Master Class – Review

20 Aug

Before even discussing the Manhattan Theatre Club production of Master Class, can we take a moment to appreciate the incredible photo of Tyne Daly?  To quote Norma Desmond; they don’t make faces like that anymore.
In fact, they’ve slowed down the production of actresses like Tyne Daly.  She has what is known as presence.  She changes the electricity in a room.  She has a smile (not employed in this production) that starts in her eyes and goes down to her toesIt does not rely upon precision dental work, but on her using her entire body as her instrument.
How apt then that she should portray a fictionalized Maria Callas as written by Terrence McNally.  Master Class is a well crafted, less than riveting play about Maria Callas in her later years.  It lacks the overall power of the more recent; “artist as subject of a play,” Red.  However it has many prolonged moments which satisfy and linger.
The setting is an auditorium in which Ms. Callas is holding a master class for advanced opera students.  Her narcissistic ramblings and outbursts will remind you of your worse workplace moments.  Underneath her posturings and hurtful tongue however, are some truly golden nuggets of teaching. 
The two-act play, directed by Stephen Wadsworth, is interspersed with very gracefully set flashbacks of Ms. Callas.  Original recordings are used to great effect.  The music, live and recorded, helps to give this play some needed dimension.  Two of the three opera students are given the opportunity to really sing, and it is truly magical.  It was during those moments that I stopped “watching” and became entranced.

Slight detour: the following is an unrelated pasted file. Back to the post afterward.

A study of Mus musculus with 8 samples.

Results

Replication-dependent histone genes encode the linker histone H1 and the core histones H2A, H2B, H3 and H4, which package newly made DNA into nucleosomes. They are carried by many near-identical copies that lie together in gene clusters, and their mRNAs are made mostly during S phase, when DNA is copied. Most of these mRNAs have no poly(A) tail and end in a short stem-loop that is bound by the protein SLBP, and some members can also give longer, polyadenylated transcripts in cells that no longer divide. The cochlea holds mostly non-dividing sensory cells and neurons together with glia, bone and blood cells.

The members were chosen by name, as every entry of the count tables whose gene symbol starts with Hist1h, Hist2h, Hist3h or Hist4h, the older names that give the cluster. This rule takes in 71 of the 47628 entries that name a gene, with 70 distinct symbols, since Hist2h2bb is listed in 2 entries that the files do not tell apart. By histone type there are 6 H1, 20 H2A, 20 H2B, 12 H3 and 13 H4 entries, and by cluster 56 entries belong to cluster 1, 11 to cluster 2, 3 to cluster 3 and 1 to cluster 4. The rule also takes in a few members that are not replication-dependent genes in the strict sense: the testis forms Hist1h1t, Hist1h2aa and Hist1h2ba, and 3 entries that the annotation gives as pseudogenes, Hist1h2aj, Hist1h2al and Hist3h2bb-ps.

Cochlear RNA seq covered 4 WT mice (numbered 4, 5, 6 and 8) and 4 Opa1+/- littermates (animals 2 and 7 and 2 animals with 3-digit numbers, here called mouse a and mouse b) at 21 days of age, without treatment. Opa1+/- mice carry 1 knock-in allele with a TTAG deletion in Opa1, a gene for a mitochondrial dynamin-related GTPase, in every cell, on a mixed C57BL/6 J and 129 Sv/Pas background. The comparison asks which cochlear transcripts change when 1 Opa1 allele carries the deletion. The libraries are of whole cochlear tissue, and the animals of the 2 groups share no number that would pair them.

The flashback scenes are when things really get interesting, dramatically speaking.  This is both a product of the script and of having Ms. Daly perform monologues.  I must admit an emphasis on the latter, as the script did nothing to prevent me flashing back to Ms. Daly performing “Rose’s Turn.”  It is a testament to the actress embodying the character, that I cringed at her portrayal of Aristotle Onasis.  Tyne Daly could probably utter those vulgarities, but as Maria Callas?  It was horrifying.  In a good way.
As the premise of the play is a master class, the house lights are often up and the fourth wall is more scrim than wall.  I grew increasingly tense each time Ms. Daly lobbed (what I considered to be rhetorical) questions at the eager to participate audience.  I think this could have been somewhat offset by not having the house lights as high.  The script probably does not dictate a wattage.  While I’m at it, I would probably lobby for a smaller house.  It is a small play, and while the Samuel J. Friedman theatre is not huge, it’s a bit out of proportion.
Tyne Daly last performed with the Manhattan Theatre Club in Rabbit Hole.  Like Rabbit Hole, the reason to see Master Class is the opportunity to see Tyne Daly.